The DNAinfo archives brought to you by WNYC.
Read the press release here.

Brooklyn Businessman Pleads Guilty to Bribing Police for Gun Licenses

By Trevor Kapp | November 10, 2016 3:17pm
 Brooklyn businessman Alex Lichtentstein, 44, pleaded guilty to bribery charges Thursday.
Brooklyn businessman Alex Lichtentstein, 44, pleaded guilty to bribery charges Thursday.
View Full Caption
DNAinfo/Trevor Kapp

MANHATTAN FEDERAL COURT — The Brooklyn businessman charged with bribing NYPD officials to obtain gun licenses choked back tears as he confessed to the crime Thursday.

“I gave police officers in the licensing division things of value, including money, knowing that for giving those things, the officers would give me favors,” Alex Lichtenstein, 44, said.

Lichtenstein, wearing a charcoal-gray suit and a yarmulke, pleaded guilty to bribery and conspiracy charges. As part of his plea, he is expected be sentenced to 57-71 months in prison, though Judge Sidney Stein could sentence him to 20 years instead.

Lichtenstein — a member of Shomrim, the Orthodox Jewish crime-prevention group in Borough Park — approached an NYPD officer in April and offered thousands of dollars in cash bribes to secure gun licenses for associates, federal prosecutors said.

The officer refused and reported the exchange to the Internal Affairs Bureau.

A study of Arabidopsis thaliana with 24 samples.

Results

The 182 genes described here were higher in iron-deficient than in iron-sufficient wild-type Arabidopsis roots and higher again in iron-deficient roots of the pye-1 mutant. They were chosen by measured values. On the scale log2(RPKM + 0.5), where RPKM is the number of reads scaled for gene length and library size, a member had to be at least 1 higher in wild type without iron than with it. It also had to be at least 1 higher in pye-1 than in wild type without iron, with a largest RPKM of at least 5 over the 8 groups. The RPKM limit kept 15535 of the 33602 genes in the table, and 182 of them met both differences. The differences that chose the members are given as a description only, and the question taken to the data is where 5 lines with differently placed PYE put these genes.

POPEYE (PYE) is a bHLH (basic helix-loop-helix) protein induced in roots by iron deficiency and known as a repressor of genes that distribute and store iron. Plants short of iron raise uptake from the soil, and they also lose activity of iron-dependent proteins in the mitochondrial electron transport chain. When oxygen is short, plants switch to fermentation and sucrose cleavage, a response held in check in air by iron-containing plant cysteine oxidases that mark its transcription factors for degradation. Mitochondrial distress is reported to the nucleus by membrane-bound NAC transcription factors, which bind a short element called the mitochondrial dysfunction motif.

The policeman later secretly recorded a conversation with Lichtenstein in which he boasted about obtaining gun licenses for about 150 friends dating back to 2013.

“When you did these acts, sir, did you know what you were doing was wrong and illegal?” Stein asked.

“Yes,” Lichtenstein replied.

Lichtenstein had previously been arrested for forgery and had been involved in a slew of car accidents, prosecutors said.

His claims were another black eye for the NYPD in the ongoing corruption probe focusing on high-ranking police officials and Brooklyn businessmen Jona Rechnitz and Jeremy Reichberg, who prosecutors say provided gifts in exchange for favors.

“Corruption in any part of government cuts at the very fabric of our society,” U.S. Attorney Preet Bharara said in a statement. “But it is particularly damaging when it undermines public safety.”

As part of the agreement, Lichtenstein could pay up to $500,000 in fines.

He nodded his head and thanked his roughly 15 supporters as he left the courtroom Thursday.

His sentencing is scheduled for March 16.